The Gospel Coalition is a rich source of practical theology that I (Mark) have come to appreciate immensely. I visit the coalition members blogs virtually everyday knowing that I'm going to be blessed.
One of the most recent blog posts to really impact me is titled "The gospel of everyday life" and was posted by Ray Ortlund. It really needs no introduction or additional commentary, so I'm just going to post it here and hope that you are blessed by it. :-)
"The gospel of everyday life
“Now the Spirit expressly says that in later times some will depart from the faith by devoting themselves to deceitful spirits and teachings of demons, through the insincerity of liars whose consciences are seared, who forbid marriage and require abstinence from foods that God created to be received with thanksgiving by those who believe and know the truth. For everything created by God is good, and nothing is to be rejected if it is received with thanksgiving, for it is made holy by the word of God and prayer.” 1 Timothy 4:1-5
As Francis Schaeffer used to remind us, the devil rarely gives us the luxury of fighting on one front only. We see a monster over on one side wanting to devour us, and we back away in dread. But if we’re not paying attention, we can walk right into the jaws of the other monster waiting for us over on the other side. We often fight on two fronts at once.
Today we fight against materialism, especially the so-called Prosperity Gospel. But there is also the danger of asceticism, the super-spirituality that denies the goodness of God in all things. An almost endearingly absurd instance was Simeon the Stylite (c. 390-459), who lived in austerity for 36 years on top of a pillar, elevated above ordinary life. This “holiness” is attractive, in a way. It’s serious. But it’s also fraudulent. It tells an audacious lie about God and about us.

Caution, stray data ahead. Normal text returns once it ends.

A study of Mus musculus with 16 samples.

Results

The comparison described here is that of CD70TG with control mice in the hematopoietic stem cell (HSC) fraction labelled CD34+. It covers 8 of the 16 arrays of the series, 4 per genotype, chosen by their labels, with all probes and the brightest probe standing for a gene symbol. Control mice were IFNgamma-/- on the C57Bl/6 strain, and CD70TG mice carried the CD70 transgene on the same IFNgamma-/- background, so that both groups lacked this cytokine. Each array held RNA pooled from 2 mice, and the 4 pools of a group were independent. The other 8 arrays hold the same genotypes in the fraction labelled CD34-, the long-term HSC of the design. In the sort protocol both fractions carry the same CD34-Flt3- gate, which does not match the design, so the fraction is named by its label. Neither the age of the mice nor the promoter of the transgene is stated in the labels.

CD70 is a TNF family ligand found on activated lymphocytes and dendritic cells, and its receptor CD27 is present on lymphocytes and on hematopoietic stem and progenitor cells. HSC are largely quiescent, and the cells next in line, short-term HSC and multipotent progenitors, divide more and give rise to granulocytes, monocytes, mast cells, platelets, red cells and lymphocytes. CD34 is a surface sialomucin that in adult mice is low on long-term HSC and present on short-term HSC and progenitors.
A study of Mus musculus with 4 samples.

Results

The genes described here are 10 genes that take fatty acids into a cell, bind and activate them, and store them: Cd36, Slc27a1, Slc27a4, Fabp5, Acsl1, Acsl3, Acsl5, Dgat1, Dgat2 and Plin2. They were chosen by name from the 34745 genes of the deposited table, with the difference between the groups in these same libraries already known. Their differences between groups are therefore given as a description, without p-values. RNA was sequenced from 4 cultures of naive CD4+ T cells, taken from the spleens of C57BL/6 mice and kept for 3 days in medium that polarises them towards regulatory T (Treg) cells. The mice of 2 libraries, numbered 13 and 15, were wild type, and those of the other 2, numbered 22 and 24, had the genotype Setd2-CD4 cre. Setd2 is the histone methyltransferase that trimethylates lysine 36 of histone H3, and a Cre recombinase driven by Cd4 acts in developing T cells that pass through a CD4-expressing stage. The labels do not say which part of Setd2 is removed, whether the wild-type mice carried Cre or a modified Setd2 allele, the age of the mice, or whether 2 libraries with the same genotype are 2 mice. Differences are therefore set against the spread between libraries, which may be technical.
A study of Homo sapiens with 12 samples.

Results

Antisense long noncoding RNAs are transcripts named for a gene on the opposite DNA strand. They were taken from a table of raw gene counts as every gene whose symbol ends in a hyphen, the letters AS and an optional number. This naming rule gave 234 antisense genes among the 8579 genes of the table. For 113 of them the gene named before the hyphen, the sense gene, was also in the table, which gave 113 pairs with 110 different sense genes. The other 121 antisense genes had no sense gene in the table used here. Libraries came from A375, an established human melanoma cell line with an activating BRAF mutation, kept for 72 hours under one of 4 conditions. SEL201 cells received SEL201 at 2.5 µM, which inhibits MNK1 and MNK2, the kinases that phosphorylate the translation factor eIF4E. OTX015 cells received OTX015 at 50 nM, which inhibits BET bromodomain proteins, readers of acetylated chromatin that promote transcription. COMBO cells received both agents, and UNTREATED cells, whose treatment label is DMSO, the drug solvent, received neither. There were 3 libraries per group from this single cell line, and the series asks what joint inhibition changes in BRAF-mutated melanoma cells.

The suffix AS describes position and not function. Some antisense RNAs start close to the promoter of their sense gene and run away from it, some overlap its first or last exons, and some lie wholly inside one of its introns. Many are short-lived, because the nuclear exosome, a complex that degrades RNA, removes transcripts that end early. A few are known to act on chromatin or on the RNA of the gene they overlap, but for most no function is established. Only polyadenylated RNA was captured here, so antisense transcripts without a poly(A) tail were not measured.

The truth is, everything created by God is good and is to be received by us gratefully. This beautiful truth includes marriage and sex and food and mowing the lawn and flying a kite and paying the bills and sharpening a pencil and sitting on the porch in the evening and playing Monopoly with the kids and laughing at hilarious jokes and setting up chairs at church, and so forth. There is so much divine goodness all around. To push it away, to be above it, would insult our gracious Creator.
Our very earthly human existence is where true holiness can thrive. How? By thanking the Lord for it moment by moment, and by applying the word of God to it moment by moment. It is written, “God saw everything that he had made, and behold, it was very good” (Genesis 1:31).
Not ultimate, but good. Good enough for God. Good enough for us too."